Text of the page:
Many families have trouble making ends meet these days. Whether one or both parents are temporarily unemployed, or are employed but don’t earn much money, or simply have unexpected expenses, families sometimes struggle to pay all their bills. Both federal and state governments offer financial assistance to families in need.
In some states, TANF, or Temporary Assistance to Needy Families, goes by other names. In all states, though, this program provides financial support to families in need. Families can use the money to pay for groceries, utilities, rent, transportation, medical care, or to meet other financial needs. Apply for TANF at the welfare office in the county in which you live. The name of the agency that administers welfare programs varies from state to state; in Ohio it is called the Department of Job and Family Services, and in South Carolina it is called the Department of Social Services.
The Supplemental Nutrition Assistance Program (SNAP), commonly known as food stamps, helps needy families buy healthful food. Families can use food stamps to buy a variety of food at the grocery stores of their choice. Families can also use food stamps to purchase seeds or plants if they prefer to grow their own food. Many families with working parents qualify for food stamps if the parents work at low-paying jobs. Apply for food stamps at the welfare office in the county in which you live.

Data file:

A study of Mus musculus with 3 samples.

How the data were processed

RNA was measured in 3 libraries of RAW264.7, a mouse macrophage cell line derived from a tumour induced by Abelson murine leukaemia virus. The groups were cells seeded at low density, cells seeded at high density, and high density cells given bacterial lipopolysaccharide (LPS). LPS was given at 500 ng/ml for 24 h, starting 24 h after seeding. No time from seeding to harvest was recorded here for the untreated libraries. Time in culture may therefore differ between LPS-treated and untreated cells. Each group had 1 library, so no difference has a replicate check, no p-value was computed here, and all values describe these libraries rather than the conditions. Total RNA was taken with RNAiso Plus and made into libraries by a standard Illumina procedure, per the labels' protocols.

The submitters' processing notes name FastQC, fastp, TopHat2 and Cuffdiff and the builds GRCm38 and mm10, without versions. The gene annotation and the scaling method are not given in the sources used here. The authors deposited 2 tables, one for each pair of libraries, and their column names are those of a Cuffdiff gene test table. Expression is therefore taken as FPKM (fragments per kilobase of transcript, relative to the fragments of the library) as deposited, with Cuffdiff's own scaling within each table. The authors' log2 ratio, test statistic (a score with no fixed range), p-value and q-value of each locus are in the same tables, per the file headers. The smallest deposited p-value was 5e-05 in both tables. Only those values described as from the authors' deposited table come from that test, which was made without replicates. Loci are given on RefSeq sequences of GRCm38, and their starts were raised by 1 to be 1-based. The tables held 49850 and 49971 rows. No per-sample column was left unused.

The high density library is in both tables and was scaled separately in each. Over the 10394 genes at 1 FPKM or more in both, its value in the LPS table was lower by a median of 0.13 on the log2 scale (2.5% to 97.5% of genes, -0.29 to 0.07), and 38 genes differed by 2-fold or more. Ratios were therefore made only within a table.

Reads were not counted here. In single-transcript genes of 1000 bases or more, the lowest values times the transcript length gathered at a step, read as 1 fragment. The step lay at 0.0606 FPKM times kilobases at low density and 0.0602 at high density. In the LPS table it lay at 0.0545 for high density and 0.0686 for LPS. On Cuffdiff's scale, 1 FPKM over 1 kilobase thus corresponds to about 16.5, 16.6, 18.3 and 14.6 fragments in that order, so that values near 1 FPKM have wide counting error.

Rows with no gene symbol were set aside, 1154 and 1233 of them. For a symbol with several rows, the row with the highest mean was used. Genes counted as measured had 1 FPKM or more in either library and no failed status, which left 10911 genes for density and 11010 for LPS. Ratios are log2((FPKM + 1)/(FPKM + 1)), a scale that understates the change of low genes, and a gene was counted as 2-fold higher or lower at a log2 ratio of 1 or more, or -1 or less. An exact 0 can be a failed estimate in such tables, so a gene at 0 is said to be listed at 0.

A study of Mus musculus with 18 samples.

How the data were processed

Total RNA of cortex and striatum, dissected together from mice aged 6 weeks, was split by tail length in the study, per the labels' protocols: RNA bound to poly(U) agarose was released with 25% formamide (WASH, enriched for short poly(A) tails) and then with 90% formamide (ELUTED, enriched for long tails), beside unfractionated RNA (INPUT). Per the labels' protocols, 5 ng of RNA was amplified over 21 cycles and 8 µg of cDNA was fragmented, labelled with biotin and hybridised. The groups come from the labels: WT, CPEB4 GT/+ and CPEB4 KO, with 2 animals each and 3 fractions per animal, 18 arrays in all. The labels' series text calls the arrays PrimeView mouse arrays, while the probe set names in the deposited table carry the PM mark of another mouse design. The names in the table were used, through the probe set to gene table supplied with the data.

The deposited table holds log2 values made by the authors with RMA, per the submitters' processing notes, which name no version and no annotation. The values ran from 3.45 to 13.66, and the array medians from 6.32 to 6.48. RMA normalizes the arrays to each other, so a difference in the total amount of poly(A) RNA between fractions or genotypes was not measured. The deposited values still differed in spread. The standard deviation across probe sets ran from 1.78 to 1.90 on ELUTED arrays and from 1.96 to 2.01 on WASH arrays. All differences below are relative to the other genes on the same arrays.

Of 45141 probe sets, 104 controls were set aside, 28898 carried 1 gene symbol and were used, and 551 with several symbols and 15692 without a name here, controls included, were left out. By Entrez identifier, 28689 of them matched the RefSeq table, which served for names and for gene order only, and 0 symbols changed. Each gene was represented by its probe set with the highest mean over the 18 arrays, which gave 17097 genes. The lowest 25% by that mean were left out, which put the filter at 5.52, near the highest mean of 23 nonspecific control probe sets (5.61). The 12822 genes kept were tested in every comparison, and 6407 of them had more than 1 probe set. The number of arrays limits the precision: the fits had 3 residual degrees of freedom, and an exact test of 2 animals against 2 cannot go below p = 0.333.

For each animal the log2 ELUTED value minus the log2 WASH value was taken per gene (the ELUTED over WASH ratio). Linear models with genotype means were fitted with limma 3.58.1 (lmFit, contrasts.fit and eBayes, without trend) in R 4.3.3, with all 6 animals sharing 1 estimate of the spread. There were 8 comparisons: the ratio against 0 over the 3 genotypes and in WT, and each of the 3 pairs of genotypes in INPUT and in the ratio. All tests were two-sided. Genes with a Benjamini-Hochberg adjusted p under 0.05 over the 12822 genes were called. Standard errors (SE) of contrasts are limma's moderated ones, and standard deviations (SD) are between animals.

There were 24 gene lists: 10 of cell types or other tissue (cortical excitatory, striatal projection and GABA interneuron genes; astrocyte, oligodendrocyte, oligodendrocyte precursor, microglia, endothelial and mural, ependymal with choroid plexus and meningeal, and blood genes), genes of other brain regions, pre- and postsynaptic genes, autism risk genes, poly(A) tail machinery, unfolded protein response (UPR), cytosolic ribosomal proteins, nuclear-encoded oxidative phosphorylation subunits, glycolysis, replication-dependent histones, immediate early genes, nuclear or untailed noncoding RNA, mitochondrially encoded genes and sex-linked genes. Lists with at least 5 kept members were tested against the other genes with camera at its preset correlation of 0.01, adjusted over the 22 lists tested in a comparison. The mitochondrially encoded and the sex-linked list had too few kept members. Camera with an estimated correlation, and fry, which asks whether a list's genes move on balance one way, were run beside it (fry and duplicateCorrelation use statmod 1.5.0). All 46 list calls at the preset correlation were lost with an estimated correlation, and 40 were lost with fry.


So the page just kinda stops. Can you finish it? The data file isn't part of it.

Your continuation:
Medicaid helps some families pay for medical care. Eligibility criteria vary from state to state; in some states, only children, elderly people and disabled people qualify. In others, parents of children that qualify can also receive Medicaid themselves. All recipients must meet income guidelines. Some families qualify for Medicaid, even though one or both parents work, if they don’t earn much money and don’t have health insurance through their jobs. Apply for Medicaid at the welfare office in the county in which you live.
National School Lunch Program
The National School Lunch Program provides free and reduced-price lunches to children from families with low incomes. Children from families that receive food stamps usually qualify, but others may qualify as well. Lunches must meet nutritional standards established by the U.S. Department of Agriculture. Apply for the National School Lunch Program at your child’s school. Many schools also offer free breakfasts to children from families with low incomes, so ask about this when you apply for free or reduced-price lunches.